Author of The Wolf in Their Pockets and Terms of Service, Chris Martin, shares about technology and its effects on our spiritual lives. Hear more about technology from THINK|23.
Growing up in the church, when I heard pastors or Sunday school teachers talk about idolatry and how we needed to be careful not to worship idols, I remember thinking, “No worries teacher, you won’t find me carving a fake god out of wood and worshiping it in my closet.” As a child growing in his or her understanding of religion and faith, I figured that you either worshiped the Christian God or some other gods whose claims to truth and supremacy were lacking in comparison to the God of the Bible. Of course, I was wrong.
To worship is at the core of what it means to be human. We all worship something or someone. To paraphrase John Calvin, the heart is a perpetual idol factory.1 We’re always creating or finding something or someone new to worship who isn’t Yahweh, the God of the Bible and of our salvation. The heart of worship is love and adoration. We worship that which we love ultimately, and to love is human. James K. A. Smith writes in You Are What You Love, “To be human is to have a heart. You can’t not love. So the question isn’t whether you will love something as ultimate; the question is what you will love as ultimate. And you are what you love.” As I have led student ministries over the years and have taught on this topic, and as I’ve tried to dig deep into my own heart to examine what and how I worship, I’ve always come back to the metaphor of having a North Star.
The North Star, formally called “Polaris,” is the brightest star in the constellation Ursa Minor, which is commonly known as the “Little Dipper.” If you think of the Little Dipper like a pot with a handle, the North Star is the star on the tip of the handle. The North Star is what is called a “pole star,” which means it aligns with one of the poles of the Earth’s axis—in this case, the North Pole. Because Polaris aligns with the North Pole, it appears to never move, or only move slightly, and the other stars in the night sky look as though they are rotating around the North Star. This is not actually happening, but because of Polaris’s alignment with our North Pole, it is a sort of celestial optical illusion. But it is a helpful one! Because the North Star appears to never move, it has been used as a navigational star for travelers around the world for millennia.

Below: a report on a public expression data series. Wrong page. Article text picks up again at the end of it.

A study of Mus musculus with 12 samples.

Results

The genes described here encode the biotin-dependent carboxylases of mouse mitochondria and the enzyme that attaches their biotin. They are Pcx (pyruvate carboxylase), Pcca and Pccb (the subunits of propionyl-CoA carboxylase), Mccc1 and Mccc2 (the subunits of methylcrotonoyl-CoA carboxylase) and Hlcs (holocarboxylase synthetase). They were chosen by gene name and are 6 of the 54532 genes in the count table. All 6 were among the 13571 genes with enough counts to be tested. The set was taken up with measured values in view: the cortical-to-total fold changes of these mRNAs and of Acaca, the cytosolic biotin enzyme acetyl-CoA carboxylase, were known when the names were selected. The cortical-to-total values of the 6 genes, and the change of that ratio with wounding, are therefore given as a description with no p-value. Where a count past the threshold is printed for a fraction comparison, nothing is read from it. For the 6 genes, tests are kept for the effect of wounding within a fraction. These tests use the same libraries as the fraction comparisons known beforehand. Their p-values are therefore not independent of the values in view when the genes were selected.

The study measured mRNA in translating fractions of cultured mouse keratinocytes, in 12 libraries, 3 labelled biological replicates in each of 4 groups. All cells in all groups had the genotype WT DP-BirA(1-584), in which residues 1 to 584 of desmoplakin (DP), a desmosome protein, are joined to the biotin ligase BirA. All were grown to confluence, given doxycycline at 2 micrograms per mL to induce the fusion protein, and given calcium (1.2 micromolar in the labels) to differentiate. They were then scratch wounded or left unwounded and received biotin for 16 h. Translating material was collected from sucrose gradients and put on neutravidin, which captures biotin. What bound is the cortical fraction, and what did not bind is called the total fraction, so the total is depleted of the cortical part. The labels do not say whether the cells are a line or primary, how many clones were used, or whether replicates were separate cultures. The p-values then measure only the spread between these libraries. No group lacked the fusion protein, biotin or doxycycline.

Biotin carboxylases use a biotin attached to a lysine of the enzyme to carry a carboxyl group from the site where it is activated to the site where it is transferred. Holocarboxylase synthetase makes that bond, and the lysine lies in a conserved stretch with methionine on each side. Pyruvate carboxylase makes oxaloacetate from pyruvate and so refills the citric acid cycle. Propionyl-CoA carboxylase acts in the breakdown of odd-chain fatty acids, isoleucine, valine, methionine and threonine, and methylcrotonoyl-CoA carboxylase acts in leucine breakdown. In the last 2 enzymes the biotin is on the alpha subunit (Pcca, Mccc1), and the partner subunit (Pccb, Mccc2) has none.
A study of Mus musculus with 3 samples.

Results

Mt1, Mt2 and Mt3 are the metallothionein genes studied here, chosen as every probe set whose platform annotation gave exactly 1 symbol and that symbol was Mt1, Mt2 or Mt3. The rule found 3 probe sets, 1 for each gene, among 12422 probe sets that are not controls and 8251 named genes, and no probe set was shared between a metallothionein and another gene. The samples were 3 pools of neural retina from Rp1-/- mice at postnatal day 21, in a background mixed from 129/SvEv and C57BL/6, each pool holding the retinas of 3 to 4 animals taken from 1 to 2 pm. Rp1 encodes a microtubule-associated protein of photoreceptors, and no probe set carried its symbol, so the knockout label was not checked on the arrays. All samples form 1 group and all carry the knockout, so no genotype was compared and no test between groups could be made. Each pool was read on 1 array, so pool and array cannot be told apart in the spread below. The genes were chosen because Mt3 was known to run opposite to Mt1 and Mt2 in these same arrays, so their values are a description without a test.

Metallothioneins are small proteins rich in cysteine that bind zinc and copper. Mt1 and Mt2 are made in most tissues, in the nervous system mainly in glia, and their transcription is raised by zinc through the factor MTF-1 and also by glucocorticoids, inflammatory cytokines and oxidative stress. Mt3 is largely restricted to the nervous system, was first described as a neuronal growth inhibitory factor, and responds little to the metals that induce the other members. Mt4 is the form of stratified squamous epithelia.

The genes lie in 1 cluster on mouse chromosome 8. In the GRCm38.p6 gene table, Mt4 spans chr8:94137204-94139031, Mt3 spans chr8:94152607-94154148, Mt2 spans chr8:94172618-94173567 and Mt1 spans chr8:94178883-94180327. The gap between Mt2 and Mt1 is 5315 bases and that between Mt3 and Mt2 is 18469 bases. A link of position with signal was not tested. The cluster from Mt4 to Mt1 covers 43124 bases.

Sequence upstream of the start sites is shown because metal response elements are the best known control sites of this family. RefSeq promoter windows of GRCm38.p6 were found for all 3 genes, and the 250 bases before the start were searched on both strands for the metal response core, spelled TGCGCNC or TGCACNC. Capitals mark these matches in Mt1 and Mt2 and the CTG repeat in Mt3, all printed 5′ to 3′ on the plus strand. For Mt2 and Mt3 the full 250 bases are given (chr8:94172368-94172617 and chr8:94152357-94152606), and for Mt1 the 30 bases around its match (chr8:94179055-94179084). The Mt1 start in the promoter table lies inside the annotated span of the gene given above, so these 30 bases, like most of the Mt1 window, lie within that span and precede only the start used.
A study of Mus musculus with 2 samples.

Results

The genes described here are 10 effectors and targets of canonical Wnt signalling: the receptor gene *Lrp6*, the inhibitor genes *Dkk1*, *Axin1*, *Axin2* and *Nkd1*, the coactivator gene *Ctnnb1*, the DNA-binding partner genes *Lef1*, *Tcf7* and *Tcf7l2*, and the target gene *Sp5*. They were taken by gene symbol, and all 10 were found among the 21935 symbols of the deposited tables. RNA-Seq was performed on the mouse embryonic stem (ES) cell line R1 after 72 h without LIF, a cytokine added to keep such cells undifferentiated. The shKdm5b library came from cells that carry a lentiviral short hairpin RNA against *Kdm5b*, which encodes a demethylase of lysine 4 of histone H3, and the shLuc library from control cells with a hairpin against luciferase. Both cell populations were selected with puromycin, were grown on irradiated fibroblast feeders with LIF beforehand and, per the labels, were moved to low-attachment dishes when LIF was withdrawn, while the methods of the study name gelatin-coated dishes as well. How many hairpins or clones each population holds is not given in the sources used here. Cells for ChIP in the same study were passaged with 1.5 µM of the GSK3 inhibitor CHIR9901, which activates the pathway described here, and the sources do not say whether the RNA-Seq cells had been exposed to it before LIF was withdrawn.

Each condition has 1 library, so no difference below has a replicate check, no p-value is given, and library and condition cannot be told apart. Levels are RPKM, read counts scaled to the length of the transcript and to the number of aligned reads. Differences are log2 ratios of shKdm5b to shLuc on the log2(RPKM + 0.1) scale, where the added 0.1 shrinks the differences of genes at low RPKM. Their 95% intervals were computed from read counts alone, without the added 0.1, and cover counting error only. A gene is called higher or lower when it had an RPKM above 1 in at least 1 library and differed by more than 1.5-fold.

What or who we worship serves as our North Star.
Whatever or whoever we worship is our guide through whatever it is life may have for us on a given day. All of life seems to revolve around that which we worship, even if it isn’t actually doing so, just as all the stars in the sky seem to rotate around Polaris. The object of our worship is the part of our life to which our hearts are most closely knit. We wed our hearts to whatever we worship. We are willing to sacrifice other parts of our life in service of that which we worship. We look to what we worship to lead us out of the darkest valleys and into the promised land.
What or who we worship has tremendous practical implications on our lives. Whether we worship Yahweh, a false god, a job, a spouse, a child, a hobby, or something else entirely—whatever we worship guides our lives in seen and unseen ways. For that reason, and because He loves us more deeply than we know, God cares about our worship.